There is a lot of discussion on SO about the merge operation in JPA. There is also a great article on the subject which contrasts JPA merge via a more manual Do-It-Yourself process (where you find the entity via the entity manager and make your changes).

My application has a rich domain model (ala domain-driven design) that uses the @Version annotation in order to make use of optimistic locking. We have also created DTOs to send over the wire as part of our RESTful web services. The creation of this DTO layer also allows us to send to the client everything it needs and nothing it doesn't.

So far, I understand this is a fairly typical architecture. My question is about the service methods that need to UPDATE (i.e. HTTP PUT) existing objects. In this case we have these two approaches 1) JPA Merge, and 2) DIY.

What I don't understand is how JPA merge can even be considered an option for handling updates. Here's my thinking and I am wondering if there is something I don't understand:

1) In order to properly create a detached JPA entity from a wire DTO, the version number must be set correctly...else an OptimisticLockException is thrown. But the JPA spec says:

An entity may access the state of its version field or property or export a method for use by the application to access the version, but must not modify the version value[30]. Only the persistence provider is permitted to set or update the value of the version attribute in the object.

2) Merge doesn't handle bi-directional relationships ... the back-pointing fields always end up as null.

3) If any fields or data is missing from the DTO (due to a partial update), then the JPA merge will delete those relationships or null-out those fields. Hibernate can handle partial updates, but not JPA merge. DIY can handle partial updates.

4) The first thing the merge method will do is query the database for the entity ID, so there is no performance benefit over DIY to be had.

5) In a DYI update, we load the entity and make the changes according to the DTO -- there is no call to merge or to persist for that matter because the JPA context implements the unit-of-work pattern out of the box.

Do I have this straight?


6) Merge behavior with regards to lazy loaded relationships can differ amongst providers.


Using Merge does require you to either send and receive a complete representation of the entity, or maintain server side state. For trivial CRUD-y type operations, it is easy and convenient. I have used it plenty in stateless web apps where there is no meaningful security hazard to letting the client see the entire entity.

However, if you've already reduced operations to only passing the immediately relevant information, then you need to also manually write the corresponding services.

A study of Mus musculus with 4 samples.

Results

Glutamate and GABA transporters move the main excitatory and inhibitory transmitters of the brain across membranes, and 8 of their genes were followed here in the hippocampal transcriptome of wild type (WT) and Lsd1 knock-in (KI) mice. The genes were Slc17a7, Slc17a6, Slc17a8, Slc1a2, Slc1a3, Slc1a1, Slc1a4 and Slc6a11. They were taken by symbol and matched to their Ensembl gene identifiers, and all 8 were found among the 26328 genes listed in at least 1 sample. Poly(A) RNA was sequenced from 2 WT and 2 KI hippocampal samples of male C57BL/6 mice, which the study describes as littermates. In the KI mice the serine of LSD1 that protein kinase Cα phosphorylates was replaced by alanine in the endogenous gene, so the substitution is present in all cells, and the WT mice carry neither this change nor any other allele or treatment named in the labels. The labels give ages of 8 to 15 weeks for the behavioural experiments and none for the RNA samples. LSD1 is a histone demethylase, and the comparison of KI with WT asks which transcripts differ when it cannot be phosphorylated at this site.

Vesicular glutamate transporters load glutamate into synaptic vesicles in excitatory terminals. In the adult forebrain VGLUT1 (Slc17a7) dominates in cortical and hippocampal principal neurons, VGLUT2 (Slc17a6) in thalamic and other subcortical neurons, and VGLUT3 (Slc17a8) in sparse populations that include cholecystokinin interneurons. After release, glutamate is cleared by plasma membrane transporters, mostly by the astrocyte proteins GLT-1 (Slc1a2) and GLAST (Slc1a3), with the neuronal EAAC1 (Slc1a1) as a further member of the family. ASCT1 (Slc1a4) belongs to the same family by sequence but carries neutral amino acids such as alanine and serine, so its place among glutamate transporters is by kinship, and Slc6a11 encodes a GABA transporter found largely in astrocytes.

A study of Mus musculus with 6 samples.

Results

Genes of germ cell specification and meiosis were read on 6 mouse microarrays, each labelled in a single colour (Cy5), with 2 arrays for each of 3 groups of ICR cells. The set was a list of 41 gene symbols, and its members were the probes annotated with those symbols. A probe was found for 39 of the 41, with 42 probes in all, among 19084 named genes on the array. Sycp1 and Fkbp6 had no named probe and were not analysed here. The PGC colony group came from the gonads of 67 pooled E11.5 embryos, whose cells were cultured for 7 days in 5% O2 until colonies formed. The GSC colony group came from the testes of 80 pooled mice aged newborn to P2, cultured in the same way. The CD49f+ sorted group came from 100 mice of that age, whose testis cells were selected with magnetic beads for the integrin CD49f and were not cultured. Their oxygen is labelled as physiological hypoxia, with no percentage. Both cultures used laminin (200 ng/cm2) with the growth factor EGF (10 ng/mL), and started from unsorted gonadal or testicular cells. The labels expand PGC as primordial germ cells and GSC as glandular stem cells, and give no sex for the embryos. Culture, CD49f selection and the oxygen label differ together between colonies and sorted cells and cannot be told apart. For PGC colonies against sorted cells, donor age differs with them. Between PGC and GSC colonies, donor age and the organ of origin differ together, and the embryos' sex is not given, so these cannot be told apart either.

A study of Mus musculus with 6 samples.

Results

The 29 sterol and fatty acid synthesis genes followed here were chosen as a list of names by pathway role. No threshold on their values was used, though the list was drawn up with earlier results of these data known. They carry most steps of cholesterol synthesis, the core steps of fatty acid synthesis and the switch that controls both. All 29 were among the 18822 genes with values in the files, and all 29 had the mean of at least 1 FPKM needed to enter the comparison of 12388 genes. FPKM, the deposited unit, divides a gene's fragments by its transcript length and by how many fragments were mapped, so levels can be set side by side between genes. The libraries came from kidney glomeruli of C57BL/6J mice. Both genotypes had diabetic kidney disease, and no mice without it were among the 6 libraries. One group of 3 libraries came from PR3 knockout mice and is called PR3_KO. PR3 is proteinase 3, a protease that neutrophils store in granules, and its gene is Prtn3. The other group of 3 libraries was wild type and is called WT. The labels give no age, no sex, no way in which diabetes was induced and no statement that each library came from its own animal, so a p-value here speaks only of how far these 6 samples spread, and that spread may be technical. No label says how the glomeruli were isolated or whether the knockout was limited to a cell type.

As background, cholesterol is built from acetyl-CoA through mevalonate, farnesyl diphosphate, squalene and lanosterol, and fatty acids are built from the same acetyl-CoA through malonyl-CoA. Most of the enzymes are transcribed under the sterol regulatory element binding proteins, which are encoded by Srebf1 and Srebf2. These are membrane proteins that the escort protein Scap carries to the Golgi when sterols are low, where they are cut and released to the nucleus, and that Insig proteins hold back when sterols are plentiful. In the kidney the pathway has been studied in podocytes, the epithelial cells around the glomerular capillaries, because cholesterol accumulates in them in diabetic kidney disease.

Just remember that when doing your 'DIY' update you still need to pass a Version number around on the DTO and manually compare it to the one that comes out of the database. Otherwise you don't get the Optimistic Locking that spans 'user think-time' that you would have if you were using the simpler approach with merge.

1) You can't change the version on an entity created by the provider, but when you have made your own instance of the entity class with the new keyword it is fine and expected to set the version on it.

2) It will make the persistent representation match the in-memory representation you provide, this can include making things null. Remember when an object is merged that object is supposed to be discarded and replaced with the one returned by merge. You are not supposed to merge an object and then continue using it. Its state is not defined by the spec.

3) True

4) Most likely, as long as your DIY solution is also using the entity ID and not an arbitrary query. (There are other benefits to using the 'find' method over a query.)

5) True


7) Merge translates to insert or to update depending on the existence of the record on DB, hence it does not deal correctly with update-vs-delete optimistic concurrency. That is, if another user concurrently deletes the record and you update it, in must (1) throw a concurrency exception... but it does not, it just inserts the record as new one.

(1) At least, in most cases, in my opinion, it should. I can imagine some cases where I would want this use case to trigger a new insert, but they are far from usual. At least, I would like the developer to think twice about it, not just accept that "merge() == updateWithConcurrencyControl()", because it is not.